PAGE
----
History of Ireland Engels 1870
First Published: in German in Marx-Engels Archives Vol. X, Russ. ed., Moscow, 1948;
Source: Marx and Engels on the Irish Question, Progress Publishers, Moscow 1974;
Transcribed by: Andy Blunden for the Marxists Internet Archive.
The preparatory material for Engels’s uncompleted History of Ireland is vast. Passages copied from various sources fill the better part of 15 large exercise-books. In addition, there are numerous notes and fragments on separate pages and a large number of newspaper cuttings. The material is extremely varied, including analyses of sources (ancient laws, medieval chronicles, legal and historical treatises of the 16th and 17th centuries, travel notes, etc.), passages from books, notably, those relating to Irish history from ancient times to the 1860s, and jottings of Engels’s own thoughts. Some of the notes represent Engels’s own synthesis of data drawn from several sources. Engels generally made remarks, sometimes sharply critical ones, on the excerpts taken from the works of various authors.
Only a small part of Engels’s manuscript has been published to date (in Russian, in the edition: Marx-Engels Archives, Vol. X, Moscow, 1948). The materials chosen for this volume show Engels’s own creative contribution to the study of Irish history. They include the plan for his book, containing also in general outline his own division into periods of Irish history, the most complete and significant fragments, a chronological review of events from ancient times to the mid-17th century and the work “Varia on the History of the Irish Confiscations.”
1. Natural conditions
2. Ancient Ireland
3. English conquests
1) First invasion
2) Pale and Irishry
3) Subjugation and expropriation. 152...-1691
4. English rule
1) Penal Laws. 1691-1780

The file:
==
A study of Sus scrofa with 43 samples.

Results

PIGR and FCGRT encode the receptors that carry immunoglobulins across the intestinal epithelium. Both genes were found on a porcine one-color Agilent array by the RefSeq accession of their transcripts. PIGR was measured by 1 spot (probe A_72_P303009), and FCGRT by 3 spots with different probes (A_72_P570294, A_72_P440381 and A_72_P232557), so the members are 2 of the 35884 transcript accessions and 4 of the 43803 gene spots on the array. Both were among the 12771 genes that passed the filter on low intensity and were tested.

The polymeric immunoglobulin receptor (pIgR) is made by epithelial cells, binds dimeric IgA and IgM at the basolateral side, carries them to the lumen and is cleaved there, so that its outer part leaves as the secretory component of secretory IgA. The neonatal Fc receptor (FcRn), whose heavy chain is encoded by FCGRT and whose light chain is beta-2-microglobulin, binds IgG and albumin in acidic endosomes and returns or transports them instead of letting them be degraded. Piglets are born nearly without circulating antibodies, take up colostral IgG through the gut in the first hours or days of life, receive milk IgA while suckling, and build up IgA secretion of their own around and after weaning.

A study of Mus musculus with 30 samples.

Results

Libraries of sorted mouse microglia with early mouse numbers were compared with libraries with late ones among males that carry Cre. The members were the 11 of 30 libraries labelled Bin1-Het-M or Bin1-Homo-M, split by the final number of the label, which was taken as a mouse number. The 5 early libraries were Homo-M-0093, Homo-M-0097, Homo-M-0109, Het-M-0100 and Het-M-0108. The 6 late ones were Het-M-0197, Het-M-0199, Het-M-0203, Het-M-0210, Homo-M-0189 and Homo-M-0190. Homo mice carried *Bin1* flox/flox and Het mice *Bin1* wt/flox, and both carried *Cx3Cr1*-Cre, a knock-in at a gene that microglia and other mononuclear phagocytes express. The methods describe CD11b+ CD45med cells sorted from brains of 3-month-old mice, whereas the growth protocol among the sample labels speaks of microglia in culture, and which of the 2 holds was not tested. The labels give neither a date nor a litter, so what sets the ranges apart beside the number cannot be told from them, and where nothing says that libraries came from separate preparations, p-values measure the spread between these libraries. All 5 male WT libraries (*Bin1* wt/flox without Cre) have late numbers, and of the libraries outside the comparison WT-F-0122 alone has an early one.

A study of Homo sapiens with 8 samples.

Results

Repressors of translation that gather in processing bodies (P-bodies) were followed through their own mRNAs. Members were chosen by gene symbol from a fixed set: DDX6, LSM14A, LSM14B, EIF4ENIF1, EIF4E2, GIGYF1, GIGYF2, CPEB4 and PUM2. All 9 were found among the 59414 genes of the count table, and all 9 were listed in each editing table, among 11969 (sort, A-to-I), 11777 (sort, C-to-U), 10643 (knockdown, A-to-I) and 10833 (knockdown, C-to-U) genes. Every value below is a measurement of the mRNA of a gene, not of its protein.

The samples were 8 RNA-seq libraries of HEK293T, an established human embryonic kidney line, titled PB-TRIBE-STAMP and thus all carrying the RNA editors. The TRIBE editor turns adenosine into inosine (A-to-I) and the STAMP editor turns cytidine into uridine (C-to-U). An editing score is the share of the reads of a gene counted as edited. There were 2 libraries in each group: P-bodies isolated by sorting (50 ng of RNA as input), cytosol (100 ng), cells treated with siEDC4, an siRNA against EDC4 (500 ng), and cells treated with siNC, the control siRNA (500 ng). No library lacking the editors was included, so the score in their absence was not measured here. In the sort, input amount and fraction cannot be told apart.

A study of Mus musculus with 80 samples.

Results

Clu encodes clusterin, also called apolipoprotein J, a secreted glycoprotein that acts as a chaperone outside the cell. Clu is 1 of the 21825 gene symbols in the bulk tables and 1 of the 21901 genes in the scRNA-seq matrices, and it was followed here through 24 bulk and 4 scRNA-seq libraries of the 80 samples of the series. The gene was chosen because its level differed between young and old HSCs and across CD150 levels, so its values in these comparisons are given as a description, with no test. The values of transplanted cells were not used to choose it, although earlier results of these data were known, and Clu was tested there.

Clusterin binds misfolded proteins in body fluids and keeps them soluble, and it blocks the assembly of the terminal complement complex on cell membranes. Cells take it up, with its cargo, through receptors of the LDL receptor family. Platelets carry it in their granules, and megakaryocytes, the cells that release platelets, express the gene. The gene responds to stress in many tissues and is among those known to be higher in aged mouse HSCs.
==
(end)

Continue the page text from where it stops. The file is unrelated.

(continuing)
2) Rebellion and Union. 1780-1801
3) Ireland in the United Kingdom
a) The period of the small peasants. 1801-1846
b) The period of extermination. 1846-1870
217 Penal Code or penal laws — a set of laws passed by the English for Ireland at the end of the 17th and in the first half of the 18th centuries on the pretext of struggle against Catholic conspiracies. These laws deprived the indigenous Irish, the majority of whom were Catholics, of all civil and political rights. They limited the right of Catholics to inheritance, to the acquisition and alienation of property, and introduced the practice of confiscating property for petty offences. The Penal Code was used as an instrument for the expropriation of the Irish who still owned land. It established unfavourable lease terms for Catholic peasants, promoting their dependence on the English landlords. The ban on Catholic schools, the stern punishment meted out to Catholic priests, and other measures were intended to stamp out Irish national traditions. The penal laws were abrogated, and then only in part, at the end of the 18th century under the influence of the growing national liberation struggle in Ireland.